Guest Column: In My Experience…
To most, a “Biker” signals someone who rides noisy motorcycles, wears leather and skull-adorned clothing, drinks at shady bars, maintains a rough appearance, and generally behaves agitated and vulgar – men and women alike. With cynic humor, many bikers have not bothered to disillusion the public with their illusions, and some have gleefully fed the stereotype. This image was even proliferated somewhat through the popular TV series Sons of Anarchy, a portrayal of the small minority of bikers who actually pledge to an outlaw motorcycle club, a minority known collectively as “The One Percenters”. There is the larger percentage of bikers who join the less infamous motorcycle clubs, or the even milder riding clubs who don’t require prospecting. The rest of the bikers are simply guys and girls who ride motorcycles. Some only ride their bikes a few times a year, known in Biker circles as “The Weekend Warrior”. A few, like my boyfriend and myself, use the motorcycle as a main source of transportation and steadily put 20,000 – 30,000 miles on the seat each year, and the motorcycle factors into a way of life. Some bikers, often referred to “The Yuppy Bikers”, spend lavishly on flashy bikes and leather chaps and vests, and all the cool gear that makes bikers look big, bad, and tough. Others swap the cool looks for the most comfortable and practical clothing we can find to withstand miles of extremely scorching summers, severe winds, and freezing winter temps. The One Percenter, The Lifestyle Biker, and The Yuppy Biker, do not share much in common, but there is one single trend unexpectedly encompassing all three groups: the trend of Charity.
Renegade Classics Tucson biker outlet held their 6th Annual Toy Run, and this year’s efforts met with awesome turnout and collection. Bikers enjoyed hot coffee and assorted pastries at the starting point, set up at the Renegade Classics shop. The route first took riders down Speedway Boulevard to Gates Pass along the West side of the Tucson Mountains. The second stop brought them to the historic Mission San Javier del Bac. Whether the sun is shining, or the sky looms overcast and gloomy, this route provides fun twisties to navigate through beautiful desert scenery. The ride concluded at Casino Del Sol. Bikers turned in their lunch tickets for assorted hot and cold beverages, and plentiful servings of fresh coleslaw, baked beans with bits of ham, Southwestern mac and cheese, barbequed chicken, rolls with real butter, and apple cobbler. This year, a local Lynnard Skynnard tribute band provided the afternoon’s entertainment and played three sets of best loved music from the “Sweet Home Alabama” band. Bikers said “Hello” to old friends and met new ones throughout the afternoon. There was the usual strolling the parking lot to check out bikes, and admiring the Christmas tree and the very impressive pile of toys piled around it. Many were happy to note that this year’s toy run ended with such a generous turnout of “the cool kind” of toys.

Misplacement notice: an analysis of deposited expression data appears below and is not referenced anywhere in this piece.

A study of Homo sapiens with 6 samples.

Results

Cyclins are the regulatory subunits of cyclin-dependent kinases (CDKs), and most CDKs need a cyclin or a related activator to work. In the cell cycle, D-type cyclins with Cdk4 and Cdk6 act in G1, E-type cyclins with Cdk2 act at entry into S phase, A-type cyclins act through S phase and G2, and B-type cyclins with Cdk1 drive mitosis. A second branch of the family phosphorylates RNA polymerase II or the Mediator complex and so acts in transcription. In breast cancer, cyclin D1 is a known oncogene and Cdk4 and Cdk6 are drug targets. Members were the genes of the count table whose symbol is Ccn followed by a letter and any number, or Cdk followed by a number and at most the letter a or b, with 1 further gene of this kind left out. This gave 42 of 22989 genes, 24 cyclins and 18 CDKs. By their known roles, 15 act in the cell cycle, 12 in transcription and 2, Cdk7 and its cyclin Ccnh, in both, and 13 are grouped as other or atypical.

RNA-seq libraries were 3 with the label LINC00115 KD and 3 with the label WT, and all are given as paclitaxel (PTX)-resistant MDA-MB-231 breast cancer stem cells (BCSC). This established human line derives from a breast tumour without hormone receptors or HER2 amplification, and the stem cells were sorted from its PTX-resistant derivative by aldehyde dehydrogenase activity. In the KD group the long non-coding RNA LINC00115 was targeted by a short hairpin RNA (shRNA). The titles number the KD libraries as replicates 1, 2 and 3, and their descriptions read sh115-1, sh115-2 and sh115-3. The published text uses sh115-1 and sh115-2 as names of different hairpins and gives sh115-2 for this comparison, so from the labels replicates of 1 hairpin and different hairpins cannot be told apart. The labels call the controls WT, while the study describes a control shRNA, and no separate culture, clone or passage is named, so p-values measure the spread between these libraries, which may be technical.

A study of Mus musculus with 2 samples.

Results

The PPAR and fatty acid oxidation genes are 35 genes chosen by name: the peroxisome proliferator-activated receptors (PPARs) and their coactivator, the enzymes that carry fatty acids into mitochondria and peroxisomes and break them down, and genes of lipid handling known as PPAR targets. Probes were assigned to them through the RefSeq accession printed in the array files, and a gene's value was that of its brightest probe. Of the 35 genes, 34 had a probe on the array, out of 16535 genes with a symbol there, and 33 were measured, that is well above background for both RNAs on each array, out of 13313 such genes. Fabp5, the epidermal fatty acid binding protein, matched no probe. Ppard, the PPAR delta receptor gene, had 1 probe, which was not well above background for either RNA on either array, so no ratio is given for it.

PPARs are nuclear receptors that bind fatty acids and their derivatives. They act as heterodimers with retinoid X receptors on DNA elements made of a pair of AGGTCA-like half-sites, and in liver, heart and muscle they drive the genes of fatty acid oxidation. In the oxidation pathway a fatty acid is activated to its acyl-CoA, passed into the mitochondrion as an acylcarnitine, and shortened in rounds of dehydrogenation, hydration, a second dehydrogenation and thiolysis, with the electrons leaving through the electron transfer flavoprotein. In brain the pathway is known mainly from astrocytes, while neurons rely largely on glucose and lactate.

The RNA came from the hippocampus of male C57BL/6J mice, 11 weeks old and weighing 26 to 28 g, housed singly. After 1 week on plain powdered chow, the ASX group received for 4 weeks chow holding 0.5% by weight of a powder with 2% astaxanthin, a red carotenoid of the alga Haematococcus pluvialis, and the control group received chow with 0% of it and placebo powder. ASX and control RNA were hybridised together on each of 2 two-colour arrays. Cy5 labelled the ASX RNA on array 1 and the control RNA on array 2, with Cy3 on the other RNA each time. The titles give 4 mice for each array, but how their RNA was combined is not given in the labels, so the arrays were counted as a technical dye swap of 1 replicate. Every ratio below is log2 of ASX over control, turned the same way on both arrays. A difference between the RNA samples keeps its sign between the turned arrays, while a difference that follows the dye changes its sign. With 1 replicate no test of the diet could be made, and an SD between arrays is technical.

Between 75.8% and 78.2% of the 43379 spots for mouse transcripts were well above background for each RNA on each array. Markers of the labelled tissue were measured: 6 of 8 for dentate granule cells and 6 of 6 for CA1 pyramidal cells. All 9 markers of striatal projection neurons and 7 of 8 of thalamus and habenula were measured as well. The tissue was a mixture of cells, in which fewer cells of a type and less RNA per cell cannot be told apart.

There are a small number of bikers who reserve this annual toy run as their charity ride for the year, but most of them participate in other charity events year-round in the state of Arizona. The Christmas season alone offers bikers at least 10 well-known ride for charity events, including Tucson’s Renegade Classics Toy Run, the upcoming Kruzin’ for Kids Holiday Parade on December 10th , and the upcoming Sun Riders Annual Toy Parade on December 11th. Bikers across Arizona also ride to raise awareness and funding for breast cancer, children’s hospitals, general poverty, and a myriad of other community needs.
The public does not readily nor willingly associate motorcycle clubs and bikers with compassion and generosity, but bikers will keep riding their noisy bikes while quietly raising donations for charities, and this trend is steadily growing. To find some charity runs in your area, you can check out websites such as CycleFish, Motorcycle Roads, and Let’s Ride.